4.253 out of 5 from 177 votes
It’s the year 1967 and while the Apollo space missions are getting underway and the US are deploying soldiers to Vietnam, a disenchanted student heads home with a broken heart and an empty wallet. On the trip the self-confessed science fiction fanatic meets a mysterious girl who calls herself Emanon. However, while she may seem like an ordinary girl, Emanon claims that even though her physical body is that of a seventeen-year-old, her mental age is over three billion years old. With memories dating back to the single-celled organisms at the beginning of the world right through to the present day, Emanon curses her ability and wonders why a person with such an encyclopaedic knowledge of history should even exist. Now, as the student talks more with Emanon, he begins to realise that reality truly is stranger than fiction.
By the mid 23rd century, the foolish decisions of mankind have led to the collapse of Earth's environment; humanity and all life on Earth are extinct. In the hopes of someday restoring the world to what it used to be, man, before being wiped off the face of the planet, built an immense tower. Inside lives Louis, a supercomputer charged with keeping the DNA of all living things safe until a time comes for it to be released and restored. This is his story - a story that spans millions of years and beyond.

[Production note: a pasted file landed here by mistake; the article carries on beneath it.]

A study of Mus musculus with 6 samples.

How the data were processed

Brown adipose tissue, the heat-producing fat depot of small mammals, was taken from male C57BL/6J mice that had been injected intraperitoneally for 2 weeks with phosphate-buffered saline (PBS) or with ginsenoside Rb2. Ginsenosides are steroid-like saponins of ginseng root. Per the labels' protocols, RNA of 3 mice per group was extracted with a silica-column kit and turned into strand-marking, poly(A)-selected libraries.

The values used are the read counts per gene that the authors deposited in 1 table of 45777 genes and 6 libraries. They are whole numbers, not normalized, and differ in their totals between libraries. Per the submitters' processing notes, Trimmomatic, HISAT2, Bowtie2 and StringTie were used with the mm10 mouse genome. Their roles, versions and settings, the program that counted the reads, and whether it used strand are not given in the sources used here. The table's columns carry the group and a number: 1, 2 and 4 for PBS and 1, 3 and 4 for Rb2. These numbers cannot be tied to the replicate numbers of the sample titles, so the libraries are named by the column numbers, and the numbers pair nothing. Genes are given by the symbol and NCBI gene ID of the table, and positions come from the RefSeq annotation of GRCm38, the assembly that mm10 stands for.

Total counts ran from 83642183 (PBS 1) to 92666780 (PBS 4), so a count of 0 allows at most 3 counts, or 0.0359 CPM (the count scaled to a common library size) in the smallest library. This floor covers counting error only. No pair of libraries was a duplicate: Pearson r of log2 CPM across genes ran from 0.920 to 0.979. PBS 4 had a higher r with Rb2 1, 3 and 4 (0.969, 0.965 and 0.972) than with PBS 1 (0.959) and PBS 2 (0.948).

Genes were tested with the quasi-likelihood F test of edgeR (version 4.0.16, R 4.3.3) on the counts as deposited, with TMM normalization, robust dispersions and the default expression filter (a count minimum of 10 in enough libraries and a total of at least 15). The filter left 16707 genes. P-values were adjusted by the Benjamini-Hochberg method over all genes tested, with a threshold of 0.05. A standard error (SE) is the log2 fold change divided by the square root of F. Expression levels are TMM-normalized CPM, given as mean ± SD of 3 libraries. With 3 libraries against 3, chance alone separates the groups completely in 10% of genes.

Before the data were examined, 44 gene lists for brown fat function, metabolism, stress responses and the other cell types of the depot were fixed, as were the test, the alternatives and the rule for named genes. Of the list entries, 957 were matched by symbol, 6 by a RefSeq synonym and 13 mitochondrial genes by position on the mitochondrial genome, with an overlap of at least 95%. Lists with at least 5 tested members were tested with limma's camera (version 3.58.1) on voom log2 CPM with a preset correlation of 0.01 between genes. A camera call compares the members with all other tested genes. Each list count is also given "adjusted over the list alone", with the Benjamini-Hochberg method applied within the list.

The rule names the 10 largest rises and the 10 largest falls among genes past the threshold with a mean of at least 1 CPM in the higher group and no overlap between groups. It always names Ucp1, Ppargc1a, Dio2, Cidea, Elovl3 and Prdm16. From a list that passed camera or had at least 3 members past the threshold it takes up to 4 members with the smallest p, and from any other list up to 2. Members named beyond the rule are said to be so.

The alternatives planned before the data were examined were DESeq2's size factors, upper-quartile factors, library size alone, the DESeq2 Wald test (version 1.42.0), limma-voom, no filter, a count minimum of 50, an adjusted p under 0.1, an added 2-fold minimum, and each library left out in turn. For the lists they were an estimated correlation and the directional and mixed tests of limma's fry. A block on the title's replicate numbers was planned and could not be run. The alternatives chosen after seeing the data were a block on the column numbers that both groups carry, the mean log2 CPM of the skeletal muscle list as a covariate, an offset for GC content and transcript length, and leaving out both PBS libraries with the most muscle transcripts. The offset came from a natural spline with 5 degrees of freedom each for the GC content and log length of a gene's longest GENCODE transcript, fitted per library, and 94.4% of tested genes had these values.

In a world that is now dominated by religion, few exist who still believe in the old ways of magic and even rarer are those who still practice the ancient arts. Though branded by the majority as heretics, witches still exist across the world and come in many guises. From vengeful sorceresses and a shaman calling upon the spirits to protect her homeland from invading soldiers, to provincial witches in tune with the very world around them, these magic users remain relentlessly shunned by the institutions around them. But while religious heads and pompous rulers see their very existence as a stain on humanity, these witches have more to teach the world than we could possibly know...
Memories of Emanon and Majo explore fringe phenomena, all while maintaining a thoughtful, subdued mood. Both are very philosophical, and intrigued by eternality and the esoteric. I think they would appeal to the same audience.